Sumi-e Artists of Canada











Horses with Tien Chang - January 11th, 2014

The horse is a symbol of power, nobility and freedom. Man and horse have a long relationship over hundreds of years, making the horse a part of our culture. Tien Chang began his Horses workshop with a look at the horse in scrolls dating back hundreds of years.

This scroll with a thousand horses was very long.

The details of each horse fascinated the workshop participants.

Scrolls with horses often showed scenes from the court; that is, the emperor's court or lords related to the emperor. These people were royalty and only the wealthy and powerful people who could afford horses.

This horse had a distinct cut of its mane to show three crests, which indicated that it was a royal horse.

Collectors of these ancient scrolls added their comments in calligraphy.

Tien Chang showed us one of his own scrolls of the horse.

Beginning with the head, Tien Chang created what would become the cheek and the start of the mane.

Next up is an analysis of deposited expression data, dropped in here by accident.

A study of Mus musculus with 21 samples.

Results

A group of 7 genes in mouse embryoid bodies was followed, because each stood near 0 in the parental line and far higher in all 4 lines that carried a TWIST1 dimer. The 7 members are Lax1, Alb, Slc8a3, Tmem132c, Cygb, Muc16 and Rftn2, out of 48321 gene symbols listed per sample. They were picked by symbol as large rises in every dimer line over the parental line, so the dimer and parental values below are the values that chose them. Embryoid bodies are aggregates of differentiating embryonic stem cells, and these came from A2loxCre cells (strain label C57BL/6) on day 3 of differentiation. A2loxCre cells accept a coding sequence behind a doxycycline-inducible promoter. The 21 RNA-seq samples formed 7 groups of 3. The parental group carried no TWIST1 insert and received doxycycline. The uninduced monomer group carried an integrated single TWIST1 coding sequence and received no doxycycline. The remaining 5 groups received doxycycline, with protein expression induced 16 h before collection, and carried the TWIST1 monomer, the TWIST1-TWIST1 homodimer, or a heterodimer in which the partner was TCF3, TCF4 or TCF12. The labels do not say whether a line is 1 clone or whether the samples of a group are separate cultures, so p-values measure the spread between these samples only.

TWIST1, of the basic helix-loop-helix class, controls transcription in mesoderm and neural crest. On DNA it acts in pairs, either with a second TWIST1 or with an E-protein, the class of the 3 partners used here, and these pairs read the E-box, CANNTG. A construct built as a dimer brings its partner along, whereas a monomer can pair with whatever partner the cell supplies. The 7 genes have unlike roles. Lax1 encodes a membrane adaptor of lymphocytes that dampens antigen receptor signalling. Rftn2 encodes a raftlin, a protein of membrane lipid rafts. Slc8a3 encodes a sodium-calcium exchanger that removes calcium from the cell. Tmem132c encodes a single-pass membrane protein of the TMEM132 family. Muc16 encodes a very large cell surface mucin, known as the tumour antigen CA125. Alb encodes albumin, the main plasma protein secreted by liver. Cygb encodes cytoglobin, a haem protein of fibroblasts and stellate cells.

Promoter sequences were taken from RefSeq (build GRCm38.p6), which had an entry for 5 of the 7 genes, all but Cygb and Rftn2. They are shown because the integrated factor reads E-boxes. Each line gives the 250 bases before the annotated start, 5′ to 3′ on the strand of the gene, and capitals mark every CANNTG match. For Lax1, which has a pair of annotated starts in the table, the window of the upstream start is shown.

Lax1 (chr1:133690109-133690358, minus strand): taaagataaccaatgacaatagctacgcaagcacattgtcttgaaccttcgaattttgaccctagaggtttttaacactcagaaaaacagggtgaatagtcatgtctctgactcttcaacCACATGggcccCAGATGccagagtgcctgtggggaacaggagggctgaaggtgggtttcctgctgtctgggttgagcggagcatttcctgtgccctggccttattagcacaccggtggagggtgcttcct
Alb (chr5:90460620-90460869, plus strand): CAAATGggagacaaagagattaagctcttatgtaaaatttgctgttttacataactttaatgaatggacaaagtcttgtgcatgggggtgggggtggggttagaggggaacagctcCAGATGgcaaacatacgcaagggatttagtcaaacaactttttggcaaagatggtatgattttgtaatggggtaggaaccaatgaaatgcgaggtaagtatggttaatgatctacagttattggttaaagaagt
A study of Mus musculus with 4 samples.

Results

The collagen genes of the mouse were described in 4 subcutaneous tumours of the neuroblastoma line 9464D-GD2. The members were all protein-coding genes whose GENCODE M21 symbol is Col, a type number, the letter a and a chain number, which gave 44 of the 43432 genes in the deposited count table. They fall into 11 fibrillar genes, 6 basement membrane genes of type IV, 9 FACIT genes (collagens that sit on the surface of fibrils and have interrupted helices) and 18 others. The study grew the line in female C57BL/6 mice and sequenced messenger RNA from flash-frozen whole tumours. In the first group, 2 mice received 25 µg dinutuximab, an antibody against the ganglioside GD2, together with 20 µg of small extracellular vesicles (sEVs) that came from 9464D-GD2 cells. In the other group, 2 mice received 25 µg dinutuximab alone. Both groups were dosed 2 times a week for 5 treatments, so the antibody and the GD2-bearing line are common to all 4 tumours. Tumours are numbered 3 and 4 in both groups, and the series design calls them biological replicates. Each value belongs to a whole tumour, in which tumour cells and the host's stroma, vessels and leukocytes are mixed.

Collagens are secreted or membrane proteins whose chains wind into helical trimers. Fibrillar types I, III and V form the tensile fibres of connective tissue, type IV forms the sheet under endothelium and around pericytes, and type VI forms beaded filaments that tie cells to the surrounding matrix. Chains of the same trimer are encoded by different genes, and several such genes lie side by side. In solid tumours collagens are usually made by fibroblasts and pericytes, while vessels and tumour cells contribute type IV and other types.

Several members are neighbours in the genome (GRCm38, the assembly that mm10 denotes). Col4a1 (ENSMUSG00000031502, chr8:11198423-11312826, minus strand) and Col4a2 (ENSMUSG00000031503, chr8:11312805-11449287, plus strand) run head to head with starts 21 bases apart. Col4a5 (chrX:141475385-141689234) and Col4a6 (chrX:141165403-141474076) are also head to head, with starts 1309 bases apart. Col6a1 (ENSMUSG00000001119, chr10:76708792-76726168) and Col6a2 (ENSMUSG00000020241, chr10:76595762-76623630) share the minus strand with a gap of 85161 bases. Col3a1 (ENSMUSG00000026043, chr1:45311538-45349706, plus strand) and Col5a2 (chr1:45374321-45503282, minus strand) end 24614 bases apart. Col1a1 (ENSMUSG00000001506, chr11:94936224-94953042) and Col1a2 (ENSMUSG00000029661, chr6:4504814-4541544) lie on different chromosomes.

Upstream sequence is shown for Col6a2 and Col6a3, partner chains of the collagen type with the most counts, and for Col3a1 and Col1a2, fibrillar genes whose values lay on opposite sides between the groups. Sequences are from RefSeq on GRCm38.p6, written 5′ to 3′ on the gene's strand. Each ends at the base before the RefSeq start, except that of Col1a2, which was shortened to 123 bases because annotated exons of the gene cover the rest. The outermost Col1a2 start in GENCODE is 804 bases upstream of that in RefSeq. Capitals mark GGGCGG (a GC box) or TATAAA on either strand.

He then developed the horse's head. Tien Chang used a large brush throughout the workshop on the horse.

The chest and the front legs followed.

The hooves were added to complete an outline of the front of the horse.

In one stroke, Tien Chang created the belly of the horse.

The mane, the back and the hind legs created the essence of a jumping horse.

The tail was added next. Like the mane, a dry brush technique gives the effect of the wind-blown hair.

Tien Chang began filling in details and shading in a second pass of the horse.

The horse head and the chest were accented with shading that extended from the original brush strokes.

The belly and hind legs were emphasized in brush strokes with lighter ink.

The completed horse was a vivid, life-like animal.

Tien Chang added some dots to the horse by shaking the brush.

The finished horse led the eye to fill in the white spaces.

Tien Chang held up the work for the workshop participants to see.

The brush strokes in calligraphy are often used in sumi-e painting too, Tien Chang reminded us.

Another version of the horse Tien Chang created was an outline version of the horse. In this approach, the outline of the horse is done first and a wash is added later to highlight the body features.

Then it was our turn to paint this well-known but artistically challenging animal.

Tien Chang signed autographs for his Horse in Ink and Wash book.

We had many images in our heads of the horse as we left the workshop.